Educate, organize and mobilize: (Reprint of Dec. 2014 article) GreaterDiversity.com provides ongoing commentaries and news to get the masses of people to take a critical look at where we are politically and economically in North Carolina, why we are where we are, and to provide input in the development of strategies designed to take us to a better place.
Black and progressive voters
In understanding where we are like Black and progressive voters, I highly recommend that you view a short YouTube clip by the Rev. William Barber, Chair of the North Carolina NAACP and leader of the Moral Monday Movement. (See link #1below). In the video and other statements by Rev. Barber, he discusses and defines the “Third Reconstruction” as America’s reaction to the election of Barack Obama, its first Black President. The First Reconstruction was the time immediately after the Civil War when Blacks gained citizenship rights and began exercising their right to vote up until the end of the Nineteenth Century. The Second Reconstruction is defined as that time following the 1954 Brown v. Board of Education up to and through the Civil Rights Era of the sixties.
As are the First and Second Reconstruction Eras, the Third Reconstruction addresses widespread efforts by powerful right-wing Americans, to restrict access to the voting booth by Blacks and immigrants. Their objective is to use voter suppression tactics to disenfranchise Blacks and other progressive voters. Each era of reconstruction is characterized by the progress made by Blacks because of voting rights changes and the efforts of the right-wing to restrict voting rights to limit and reverse Black progress. Author-Scholar Manning Marable, Rev. Barber, and MSNBC’s Melissa Harris-Perry are among an ever-growing group of Black opinion leaders calling for a Third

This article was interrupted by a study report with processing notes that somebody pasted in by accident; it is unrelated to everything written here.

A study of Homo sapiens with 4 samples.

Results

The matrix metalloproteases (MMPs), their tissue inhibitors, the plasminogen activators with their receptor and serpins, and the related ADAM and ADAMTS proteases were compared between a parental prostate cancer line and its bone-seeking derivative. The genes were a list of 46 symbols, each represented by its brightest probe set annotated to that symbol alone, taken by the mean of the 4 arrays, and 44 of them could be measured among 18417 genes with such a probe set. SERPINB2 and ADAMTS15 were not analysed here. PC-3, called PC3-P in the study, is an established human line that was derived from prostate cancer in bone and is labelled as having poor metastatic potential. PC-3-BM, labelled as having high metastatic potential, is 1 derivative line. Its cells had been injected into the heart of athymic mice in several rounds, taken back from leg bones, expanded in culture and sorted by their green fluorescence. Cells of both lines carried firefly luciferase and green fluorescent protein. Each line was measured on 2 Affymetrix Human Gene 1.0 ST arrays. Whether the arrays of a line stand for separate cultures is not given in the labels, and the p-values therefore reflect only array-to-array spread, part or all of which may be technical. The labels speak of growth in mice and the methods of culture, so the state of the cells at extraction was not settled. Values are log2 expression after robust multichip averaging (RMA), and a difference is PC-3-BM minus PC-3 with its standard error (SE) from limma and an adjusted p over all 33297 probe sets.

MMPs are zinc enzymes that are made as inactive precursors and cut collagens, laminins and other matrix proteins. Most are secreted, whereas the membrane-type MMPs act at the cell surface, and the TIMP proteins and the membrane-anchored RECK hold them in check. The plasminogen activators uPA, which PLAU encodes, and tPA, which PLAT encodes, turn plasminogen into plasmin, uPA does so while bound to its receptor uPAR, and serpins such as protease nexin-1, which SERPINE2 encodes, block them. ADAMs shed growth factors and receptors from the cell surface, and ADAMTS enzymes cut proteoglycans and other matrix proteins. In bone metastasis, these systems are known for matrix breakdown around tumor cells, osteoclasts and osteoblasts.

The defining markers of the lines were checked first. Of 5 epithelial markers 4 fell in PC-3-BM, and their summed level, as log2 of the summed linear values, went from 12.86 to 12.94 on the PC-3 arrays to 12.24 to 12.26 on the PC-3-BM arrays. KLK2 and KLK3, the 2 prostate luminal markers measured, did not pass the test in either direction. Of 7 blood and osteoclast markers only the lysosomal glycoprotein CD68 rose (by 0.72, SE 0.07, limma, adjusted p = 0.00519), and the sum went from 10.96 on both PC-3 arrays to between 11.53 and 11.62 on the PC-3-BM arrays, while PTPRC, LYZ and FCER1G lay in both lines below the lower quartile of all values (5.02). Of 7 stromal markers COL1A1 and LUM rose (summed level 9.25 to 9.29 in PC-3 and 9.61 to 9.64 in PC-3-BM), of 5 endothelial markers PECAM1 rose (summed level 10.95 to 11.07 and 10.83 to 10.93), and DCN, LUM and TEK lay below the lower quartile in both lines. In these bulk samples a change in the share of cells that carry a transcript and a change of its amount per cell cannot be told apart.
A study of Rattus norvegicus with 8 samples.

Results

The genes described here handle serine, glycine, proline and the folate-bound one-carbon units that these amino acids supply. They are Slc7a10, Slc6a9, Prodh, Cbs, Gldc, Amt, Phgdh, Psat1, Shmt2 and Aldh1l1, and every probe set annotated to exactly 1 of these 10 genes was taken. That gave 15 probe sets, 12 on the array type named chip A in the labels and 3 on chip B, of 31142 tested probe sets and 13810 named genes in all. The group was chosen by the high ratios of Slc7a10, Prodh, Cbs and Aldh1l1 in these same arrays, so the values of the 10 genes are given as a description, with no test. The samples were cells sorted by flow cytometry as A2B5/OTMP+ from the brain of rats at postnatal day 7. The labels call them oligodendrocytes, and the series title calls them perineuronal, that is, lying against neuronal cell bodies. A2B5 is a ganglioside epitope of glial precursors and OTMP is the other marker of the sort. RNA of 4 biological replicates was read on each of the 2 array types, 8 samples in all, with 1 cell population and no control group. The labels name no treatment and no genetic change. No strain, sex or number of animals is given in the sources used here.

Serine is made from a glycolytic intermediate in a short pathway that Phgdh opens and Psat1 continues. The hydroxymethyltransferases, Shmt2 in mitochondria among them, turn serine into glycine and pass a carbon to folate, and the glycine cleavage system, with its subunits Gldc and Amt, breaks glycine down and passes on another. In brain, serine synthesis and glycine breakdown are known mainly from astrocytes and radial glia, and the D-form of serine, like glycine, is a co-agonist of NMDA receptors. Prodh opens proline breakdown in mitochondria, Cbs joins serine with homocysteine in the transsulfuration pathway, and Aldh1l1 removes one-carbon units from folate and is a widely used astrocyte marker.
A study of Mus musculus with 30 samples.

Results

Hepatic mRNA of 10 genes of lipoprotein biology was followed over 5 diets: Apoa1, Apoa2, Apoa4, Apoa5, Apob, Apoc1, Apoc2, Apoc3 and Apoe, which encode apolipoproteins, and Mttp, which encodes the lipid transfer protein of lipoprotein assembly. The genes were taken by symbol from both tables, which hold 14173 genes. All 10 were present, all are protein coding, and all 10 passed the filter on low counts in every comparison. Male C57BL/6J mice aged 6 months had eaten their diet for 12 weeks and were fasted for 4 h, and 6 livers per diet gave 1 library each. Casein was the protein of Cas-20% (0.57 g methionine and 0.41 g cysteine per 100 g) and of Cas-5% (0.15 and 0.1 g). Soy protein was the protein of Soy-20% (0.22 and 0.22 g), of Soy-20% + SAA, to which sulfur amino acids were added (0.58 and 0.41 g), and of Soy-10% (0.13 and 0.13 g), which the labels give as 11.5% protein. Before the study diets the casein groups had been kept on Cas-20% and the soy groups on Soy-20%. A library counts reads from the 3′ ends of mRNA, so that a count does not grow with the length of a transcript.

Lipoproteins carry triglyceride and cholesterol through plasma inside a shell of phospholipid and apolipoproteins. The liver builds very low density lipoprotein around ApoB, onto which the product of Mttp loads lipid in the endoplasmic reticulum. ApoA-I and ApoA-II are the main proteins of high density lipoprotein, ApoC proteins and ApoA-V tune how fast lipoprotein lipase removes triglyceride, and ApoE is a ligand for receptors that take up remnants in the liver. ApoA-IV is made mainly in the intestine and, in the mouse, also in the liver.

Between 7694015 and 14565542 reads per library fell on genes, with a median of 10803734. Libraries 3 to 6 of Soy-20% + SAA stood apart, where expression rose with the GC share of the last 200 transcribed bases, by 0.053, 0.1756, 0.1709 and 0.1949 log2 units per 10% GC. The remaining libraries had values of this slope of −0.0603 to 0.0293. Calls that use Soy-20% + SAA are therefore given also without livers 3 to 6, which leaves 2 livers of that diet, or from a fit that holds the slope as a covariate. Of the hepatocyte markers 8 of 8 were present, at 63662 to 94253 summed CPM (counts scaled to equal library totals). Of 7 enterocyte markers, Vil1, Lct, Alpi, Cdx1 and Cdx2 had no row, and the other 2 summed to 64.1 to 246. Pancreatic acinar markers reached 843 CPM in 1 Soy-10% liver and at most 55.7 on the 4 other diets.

Reconstruction for freedom and social justice to build upon the gains of the First and Second eras of Reconstructions.
Today, many Blacks consider the accomplishment of the Civil Rights Movement of the 1960s incomplete because it failed to bring economic empowerment to far too many low and no income Blacks. It failed to deliver “Black Wealth.” Future voter empowerment efforts must include addressing the economic shortfall of the “Second Reconstruction” – its potential is huge. I for one believe that student and individual outreach to all interested components of Black activism will prove to be a huge step in the right direction. Further progressive action is required in this “Third Reconstruction.”
Because Black voters have invested their political power in Black Elected Officials they look to them for support and direction in developing a new sense of awareness in our struggle to make the political process more accountable to the needs of low and no income voters. Because Rep. Larry Hall and Alliance Chairman, Richard Hooker are recognized leaders of the Black Elected Officials, their outreach and leadership are essential in addressing our efforts in the “Third Reconstruction.” Another important article that provides historical context to this issue is Rightwing Neo-Session or a Third Reconstruction by Bob Wing. (See link #2 below).
We will continue to explore our options going forward and urge all of our leadership organizations and individuals to add increasing Black voter participation and securing political patronage to their meeting agendas.